UK Blockchain Startup Aims to Revamp Energy Sector from the Top-Down

A small but growing number of Blockchain-driven startups are attempting to shake the foundations of the power and energy industry from the ground up in a bid that may wind up completely restructuring the way energy and power are produced, distributed and consumed. Having raised pre-seed capital, the U.K.’s Electron is trying to do the same, but from the top-down.

Electron is working with U.K. gas and electricity market stakeholders, including market regulator Ofgem, in a bid to convince them of the advantages and benefits to be gained from migrating from a hodgepodge of systems currently used to track ownership and operation of grid assets, customer billing, accounts and the like to an open, yet all but incorruptible distributed online ledger and transaction system, such as its Ethereum Blockchain-based platform.

In addition to being more efficient and cost-effective, Electron contends doing so would unleash industry innovation and significantly enhance its ability to add and mange intermittent, inflexible renewable generation, new smart grid technologies, demand-side response (DR) programs, and regulatory changes aimed at realizing improving customer services.

Simulating activity for 53 million electricity supply points

“There are 53 million supply points in the United Kingdom and, with the move to smart metering, the quantities of data being collected, are huge. Electron are at the forefront of decentralized application developments designed to work with data on this scale,” Electron’s executive team highlights.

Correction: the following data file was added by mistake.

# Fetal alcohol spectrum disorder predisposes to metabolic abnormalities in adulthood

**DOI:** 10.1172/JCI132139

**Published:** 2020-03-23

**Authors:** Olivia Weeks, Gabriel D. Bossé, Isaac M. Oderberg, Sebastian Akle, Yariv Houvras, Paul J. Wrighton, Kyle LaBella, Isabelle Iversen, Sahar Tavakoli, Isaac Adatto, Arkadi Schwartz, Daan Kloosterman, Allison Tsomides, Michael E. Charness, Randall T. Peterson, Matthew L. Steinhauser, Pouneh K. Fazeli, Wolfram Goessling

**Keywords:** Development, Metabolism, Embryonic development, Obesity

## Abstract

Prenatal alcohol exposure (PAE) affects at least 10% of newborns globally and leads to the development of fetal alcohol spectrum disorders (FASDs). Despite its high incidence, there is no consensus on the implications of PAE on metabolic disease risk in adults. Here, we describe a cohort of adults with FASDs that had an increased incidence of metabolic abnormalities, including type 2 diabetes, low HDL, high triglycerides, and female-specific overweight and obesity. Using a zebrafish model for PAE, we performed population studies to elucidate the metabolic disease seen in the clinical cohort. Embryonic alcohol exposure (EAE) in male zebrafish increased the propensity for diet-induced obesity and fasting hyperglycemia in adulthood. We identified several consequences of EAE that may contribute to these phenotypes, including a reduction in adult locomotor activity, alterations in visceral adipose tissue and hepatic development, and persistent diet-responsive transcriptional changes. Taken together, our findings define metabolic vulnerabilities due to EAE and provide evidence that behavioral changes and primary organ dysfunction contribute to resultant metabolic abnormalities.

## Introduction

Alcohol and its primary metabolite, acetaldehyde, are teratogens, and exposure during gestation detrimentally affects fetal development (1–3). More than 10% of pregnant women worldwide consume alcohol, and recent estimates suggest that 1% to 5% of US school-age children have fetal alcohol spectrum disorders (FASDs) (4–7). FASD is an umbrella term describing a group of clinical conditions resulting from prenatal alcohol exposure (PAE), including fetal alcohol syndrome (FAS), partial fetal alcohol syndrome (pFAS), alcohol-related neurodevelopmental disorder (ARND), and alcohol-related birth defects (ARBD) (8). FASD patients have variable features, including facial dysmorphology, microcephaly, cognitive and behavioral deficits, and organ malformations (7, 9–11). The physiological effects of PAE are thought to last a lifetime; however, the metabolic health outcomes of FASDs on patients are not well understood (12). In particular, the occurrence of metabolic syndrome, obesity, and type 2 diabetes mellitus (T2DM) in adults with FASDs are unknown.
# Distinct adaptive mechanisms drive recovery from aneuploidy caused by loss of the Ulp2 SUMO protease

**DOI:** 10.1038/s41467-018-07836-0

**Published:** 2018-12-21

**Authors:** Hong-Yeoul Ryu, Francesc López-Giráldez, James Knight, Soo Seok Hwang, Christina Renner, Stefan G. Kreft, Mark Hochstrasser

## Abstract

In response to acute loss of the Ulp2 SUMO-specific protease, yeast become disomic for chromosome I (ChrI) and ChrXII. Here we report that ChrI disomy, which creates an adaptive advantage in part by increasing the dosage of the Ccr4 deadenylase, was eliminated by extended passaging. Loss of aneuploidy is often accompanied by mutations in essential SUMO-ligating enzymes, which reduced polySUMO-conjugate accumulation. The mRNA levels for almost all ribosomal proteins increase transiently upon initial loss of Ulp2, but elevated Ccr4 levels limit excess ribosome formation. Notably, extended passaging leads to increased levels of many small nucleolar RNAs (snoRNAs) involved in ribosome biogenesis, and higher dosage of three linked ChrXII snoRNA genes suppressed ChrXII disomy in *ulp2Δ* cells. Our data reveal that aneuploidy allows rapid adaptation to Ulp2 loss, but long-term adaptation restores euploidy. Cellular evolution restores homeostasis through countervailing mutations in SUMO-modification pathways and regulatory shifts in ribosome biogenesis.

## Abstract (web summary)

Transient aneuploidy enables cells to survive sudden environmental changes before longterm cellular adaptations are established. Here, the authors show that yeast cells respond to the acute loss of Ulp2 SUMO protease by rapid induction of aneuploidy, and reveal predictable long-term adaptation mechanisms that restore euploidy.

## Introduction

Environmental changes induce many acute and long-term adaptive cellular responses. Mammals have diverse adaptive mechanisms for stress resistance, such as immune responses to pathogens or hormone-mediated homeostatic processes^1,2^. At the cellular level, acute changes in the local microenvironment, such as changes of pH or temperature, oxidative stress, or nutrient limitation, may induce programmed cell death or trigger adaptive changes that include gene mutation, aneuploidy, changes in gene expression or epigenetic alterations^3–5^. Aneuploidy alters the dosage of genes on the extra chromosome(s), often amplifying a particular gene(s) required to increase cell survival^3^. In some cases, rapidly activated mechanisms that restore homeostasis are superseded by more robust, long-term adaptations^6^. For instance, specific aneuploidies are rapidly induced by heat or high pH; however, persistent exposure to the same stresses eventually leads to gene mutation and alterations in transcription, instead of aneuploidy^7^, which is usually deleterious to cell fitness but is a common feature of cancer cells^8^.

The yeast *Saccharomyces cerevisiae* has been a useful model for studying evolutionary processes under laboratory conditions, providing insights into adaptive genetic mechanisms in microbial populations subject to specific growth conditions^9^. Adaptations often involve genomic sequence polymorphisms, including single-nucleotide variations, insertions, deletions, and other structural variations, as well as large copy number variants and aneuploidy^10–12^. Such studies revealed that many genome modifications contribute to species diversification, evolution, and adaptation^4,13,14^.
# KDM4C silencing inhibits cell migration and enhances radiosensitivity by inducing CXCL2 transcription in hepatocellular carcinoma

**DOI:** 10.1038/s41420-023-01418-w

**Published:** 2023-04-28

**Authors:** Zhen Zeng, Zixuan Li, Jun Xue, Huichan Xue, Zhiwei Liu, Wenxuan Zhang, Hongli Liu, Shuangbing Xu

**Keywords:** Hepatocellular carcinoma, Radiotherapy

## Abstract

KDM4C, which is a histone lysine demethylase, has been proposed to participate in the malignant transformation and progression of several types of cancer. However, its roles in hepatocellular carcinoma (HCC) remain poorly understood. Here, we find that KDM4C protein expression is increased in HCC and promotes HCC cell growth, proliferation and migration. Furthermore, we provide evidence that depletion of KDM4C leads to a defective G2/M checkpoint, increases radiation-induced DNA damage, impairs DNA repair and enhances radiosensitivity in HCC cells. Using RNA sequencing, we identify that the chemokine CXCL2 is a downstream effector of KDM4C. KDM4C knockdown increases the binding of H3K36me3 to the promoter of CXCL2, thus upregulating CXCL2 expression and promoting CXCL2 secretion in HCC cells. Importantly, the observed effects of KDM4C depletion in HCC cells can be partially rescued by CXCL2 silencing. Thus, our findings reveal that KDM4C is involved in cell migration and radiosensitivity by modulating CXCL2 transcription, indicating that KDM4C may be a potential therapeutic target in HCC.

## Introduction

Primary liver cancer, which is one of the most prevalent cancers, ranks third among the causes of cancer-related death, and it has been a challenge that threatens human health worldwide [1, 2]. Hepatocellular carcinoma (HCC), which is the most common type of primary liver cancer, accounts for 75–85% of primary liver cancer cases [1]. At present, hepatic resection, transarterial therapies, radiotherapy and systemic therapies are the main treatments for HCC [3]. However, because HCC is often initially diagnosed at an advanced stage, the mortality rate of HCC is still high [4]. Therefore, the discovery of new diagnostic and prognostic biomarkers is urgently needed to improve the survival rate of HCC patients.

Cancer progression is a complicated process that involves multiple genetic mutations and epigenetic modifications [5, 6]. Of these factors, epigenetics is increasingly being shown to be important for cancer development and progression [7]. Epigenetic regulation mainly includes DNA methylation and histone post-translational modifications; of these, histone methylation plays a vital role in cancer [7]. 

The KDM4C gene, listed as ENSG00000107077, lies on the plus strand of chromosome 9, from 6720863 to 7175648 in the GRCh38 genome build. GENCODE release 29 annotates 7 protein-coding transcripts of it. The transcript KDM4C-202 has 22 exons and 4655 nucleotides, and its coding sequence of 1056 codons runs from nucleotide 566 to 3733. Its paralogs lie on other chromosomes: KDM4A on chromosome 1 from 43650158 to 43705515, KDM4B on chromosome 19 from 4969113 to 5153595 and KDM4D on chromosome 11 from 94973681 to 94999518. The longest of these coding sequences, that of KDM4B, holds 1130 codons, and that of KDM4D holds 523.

Electron has simulated how its shared industry-wide distributed ledger would work by populating its demo platform with streaming data from all 53 million dynamic grid nodes and 60 electricity suppliers. Company execs are using the demo platform as they seek to convince industry stakeholders to adopt an open, distributed model in building a common, shared information and communications platform as opposed to a centralized one operated by a single administrative authority.

Rather than being carried out by small groups of industry insiders, the rules governing administration of the power/energy industry platform would be elaborated and incorporated in Ethereum-based smart contracts custom designed by market and industry stakeholders, including consumers, and carried out in automated, decentralized fashion. In theory, that would greatly improve system reliability and remove human error and bias from transaction management and record-keeping processes, as well as all but assure they could not be corrupted, say with fraudulent transactions, or compromised by malicious agents, e.g. cyber-attackers.

Good reasons for adoption

“By using secure, powerful smart contracts that run exactly as programmed to deliver guaranteed functionality to energy market participants without interference or downtime, we are building the fabric for the next generation energy market,” Electron’s executive team states.

Adopting an open Blockchain-based distributed ledger would also convey the benefits of greater economies of scale and much more in the way of flexibility for industry participants and regulators to adapt as technology, industry conditions, and consumer and society’s needs change, they add.

Blockchain distributed ledgers are ideally suited for recording and storing transactions and serving as market and industry-wide registrars for asset ownership, Electron co-founder Paul Ellis told TechCrunch.

“These are good reasons to have blockchains. They’re very cost effective. You don’t require third party intermediaries to operate these shared platforms,” he was quoted as saying. “A blockchain provides a way to remove the cost inefficiencies and the barriers to innovation that a central service provider would necessarily bring.”

Andrew is a well seasoned and traveled freelance reporter and editor, covering the the nexus where new energy technology, markets, ecosystems and political economy intersect and overlap.